The future of Eco-Beauty May be Sugar-Based Products
If you’ve ever wondered what gives shampoo its sudsy lather and ability to leave hair feeling squeaky clean, you can thank surfactants. Short for “surface-active agents,” these cleansing substances, found in everything from detergents to shower gels, help remove dirt and oil from skin and hair.
But as the demand for eco-friendly and nontoxic beauty products grows, the personal care industry is working to develop effective surfactants derived from natural ingredients. One alternative recently developed by scientists at the Switzerland-based chemicals company Clariant is the GlucoTain® family of surfactants. Made from sugars, GlucoTain products are gentle and more environmentally sustainable, without sacrificing cleansing and foaming properties.
“For the first time in the industry, these sugar-based surfactants allow an excellent cleaning effect to be combined with equally good nourishing properties,” said Peter Klug, Strategic Innovation Project Manager, Global Application Development ICS, Clariant. “They’re highly efficient and made from renewable raw materials.”
The Science of Surfactants
The high surface tension of water means that it can’t naturally attach to oils and dirt, rendering it a less powerful cleaning agent on its own. You can see this phenomenon when rain falls on a window: The water molecules prefer to stick together forming beads, rather than spread out across the surface. This is where surfactants do their job. By reducing the surface tension of water, the water molecules can break up, allowing it to flow more easily and seep into areas.
Surfactants’ molecular structure also makes them more effective at attaching to dirt and oil. All surfactant molecules comprise a long hydrophobic end (repelled by water) and a hydrophilic end (attracted to water). The hydrophobic end attaches to dirt and oil, helping lift it from the scalp and hair shaft, while the hydrophilic end projects it into the water. During rinsing, water molecules attach themselves to the water-loving ends of the surfactant molecules and wash away the dirt and oil.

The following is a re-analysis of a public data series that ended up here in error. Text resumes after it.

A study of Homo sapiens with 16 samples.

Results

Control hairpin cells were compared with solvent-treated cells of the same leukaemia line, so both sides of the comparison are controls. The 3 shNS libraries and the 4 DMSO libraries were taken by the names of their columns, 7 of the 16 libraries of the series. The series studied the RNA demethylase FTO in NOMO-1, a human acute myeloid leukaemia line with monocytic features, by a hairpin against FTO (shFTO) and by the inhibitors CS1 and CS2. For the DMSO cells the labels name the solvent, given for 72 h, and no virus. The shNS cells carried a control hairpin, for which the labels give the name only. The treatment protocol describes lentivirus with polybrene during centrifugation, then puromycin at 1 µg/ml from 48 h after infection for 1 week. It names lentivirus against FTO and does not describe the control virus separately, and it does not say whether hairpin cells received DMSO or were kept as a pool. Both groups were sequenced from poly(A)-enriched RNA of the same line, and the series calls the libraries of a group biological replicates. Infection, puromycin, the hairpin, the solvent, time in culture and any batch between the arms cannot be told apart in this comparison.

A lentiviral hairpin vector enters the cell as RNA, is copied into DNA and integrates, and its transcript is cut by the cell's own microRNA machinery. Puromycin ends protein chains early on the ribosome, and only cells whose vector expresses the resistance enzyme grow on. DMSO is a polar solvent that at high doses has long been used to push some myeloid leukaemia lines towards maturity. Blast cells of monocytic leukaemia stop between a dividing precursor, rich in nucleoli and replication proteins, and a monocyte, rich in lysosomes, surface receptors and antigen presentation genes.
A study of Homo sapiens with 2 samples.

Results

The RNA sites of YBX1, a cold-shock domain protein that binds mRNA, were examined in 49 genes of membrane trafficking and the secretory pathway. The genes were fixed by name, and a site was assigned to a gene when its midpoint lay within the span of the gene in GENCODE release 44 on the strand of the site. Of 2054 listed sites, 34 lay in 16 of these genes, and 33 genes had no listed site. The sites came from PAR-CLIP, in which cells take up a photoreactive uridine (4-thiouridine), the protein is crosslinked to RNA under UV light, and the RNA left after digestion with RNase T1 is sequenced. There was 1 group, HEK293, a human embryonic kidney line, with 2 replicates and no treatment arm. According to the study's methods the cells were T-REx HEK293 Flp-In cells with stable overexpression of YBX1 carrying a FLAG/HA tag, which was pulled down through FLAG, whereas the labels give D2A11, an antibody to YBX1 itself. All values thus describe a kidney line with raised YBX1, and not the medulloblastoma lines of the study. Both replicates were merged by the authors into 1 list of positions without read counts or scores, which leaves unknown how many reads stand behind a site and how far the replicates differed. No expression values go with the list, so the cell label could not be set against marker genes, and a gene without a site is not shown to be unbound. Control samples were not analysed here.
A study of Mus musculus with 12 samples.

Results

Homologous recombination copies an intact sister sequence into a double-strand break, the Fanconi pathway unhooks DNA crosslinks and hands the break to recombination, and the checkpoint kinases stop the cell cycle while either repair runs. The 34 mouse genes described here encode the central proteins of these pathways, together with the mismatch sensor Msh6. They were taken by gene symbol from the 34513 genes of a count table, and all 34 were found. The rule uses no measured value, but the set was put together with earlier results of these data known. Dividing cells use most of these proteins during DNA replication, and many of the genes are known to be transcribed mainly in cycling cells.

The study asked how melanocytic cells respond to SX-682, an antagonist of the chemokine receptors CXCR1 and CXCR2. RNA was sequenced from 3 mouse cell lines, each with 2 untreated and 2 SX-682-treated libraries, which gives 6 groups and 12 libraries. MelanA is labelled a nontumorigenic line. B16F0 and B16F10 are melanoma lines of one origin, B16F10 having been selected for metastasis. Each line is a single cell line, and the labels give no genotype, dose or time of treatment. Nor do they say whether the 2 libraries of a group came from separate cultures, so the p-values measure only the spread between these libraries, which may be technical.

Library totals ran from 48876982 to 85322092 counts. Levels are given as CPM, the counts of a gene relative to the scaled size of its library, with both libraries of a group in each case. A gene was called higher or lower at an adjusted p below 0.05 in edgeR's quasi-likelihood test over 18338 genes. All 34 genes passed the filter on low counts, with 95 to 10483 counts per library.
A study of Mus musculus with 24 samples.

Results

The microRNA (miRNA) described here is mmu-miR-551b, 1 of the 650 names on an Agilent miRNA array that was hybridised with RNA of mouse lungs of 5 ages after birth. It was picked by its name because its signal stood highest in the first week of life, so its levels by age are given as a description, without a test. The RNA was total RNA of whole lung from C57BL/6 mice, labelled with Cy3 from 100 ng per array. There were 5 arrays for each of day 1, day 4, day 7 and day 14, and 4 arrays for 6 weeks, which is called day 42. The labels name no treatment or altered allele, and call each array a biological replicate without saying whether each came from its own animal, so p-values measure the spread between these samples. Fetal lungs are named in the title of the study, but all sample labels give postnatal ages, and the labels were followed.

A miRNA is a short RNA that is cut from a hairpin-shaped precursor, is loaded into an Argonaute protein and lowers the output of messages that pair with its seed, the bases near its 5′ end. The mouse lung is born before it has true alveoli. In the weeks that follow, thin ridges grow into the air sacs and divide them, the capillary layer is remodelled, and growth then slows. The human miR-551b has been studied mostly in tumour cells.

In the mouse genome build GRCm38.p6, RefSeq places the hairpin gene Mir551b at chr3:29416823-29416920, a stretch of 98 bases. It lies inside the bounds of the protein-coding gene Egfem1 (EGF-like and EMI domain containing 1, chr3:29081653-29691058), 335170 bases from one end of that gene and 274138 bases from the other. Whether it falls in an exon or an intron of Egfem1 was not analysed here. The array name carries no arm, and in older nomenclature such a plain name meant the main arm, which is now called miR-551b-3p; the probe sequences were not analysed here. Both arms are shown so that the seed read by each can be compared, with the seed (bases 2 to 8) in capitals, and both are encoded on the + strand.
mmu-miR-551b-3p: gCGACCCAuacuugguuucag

The Move to Natural
Surfactants are the most essential part of any cleaning agent, but traditionally, they have contained nonrenewable petroleum products and sulfates, which are found to be harsh and aggressive on the body. Two of the most commonly used sulfates in shampoo, sodium laureth sulfate (SLES) and sodium lauryl sulfate (SLS) provide a rich lather, but they also dry out hair and skin, and can cause irritation.
While consumers are increasingly interested in natural and eco-friendly shampoos, one common complaint is that they don’t clean or lather as well. Creating a shampoo that performs and foams well comes down to innovative chemistry.
The Length of the Alkyl Group
Until now, the most commonly used sugar-based surfactants have been alkyl polyglucosides. The next-generation GlucoTain products are a class of sugar-based surfactants, known as N-methyl glucamides. Much of the research in developing this new naturally derived surfactant focused on increasing the length of its alkyl group (a chain of carbon atoms), which determines many key properties, such as its ability to thicken, form small foam bubbles, and leave skin and hair feeling nourished and better hydrated afterward. Compared to their predecessors, the GlucoTain products are also available with longer chain versions, which aid in thickening, foam creaminess and leaving a refreshed, clean feeling on the skin. Additionally, they do not leave residue or cause unpleasant odors in formulation.
Made almost entirely from sustainable raw materials (corn and coconut or palm oil derivatives), the GlucoTain surfactants meet the high standards required by European Union (EU) regulators for bio-based surfactants. These biodegradable cleansing agents also meet the requirements for the EU Ecolabel for environmentally friendly and health-compatible products.
Thanks to cutting-edge chemistry, our options for personal care products are sweeter than ever.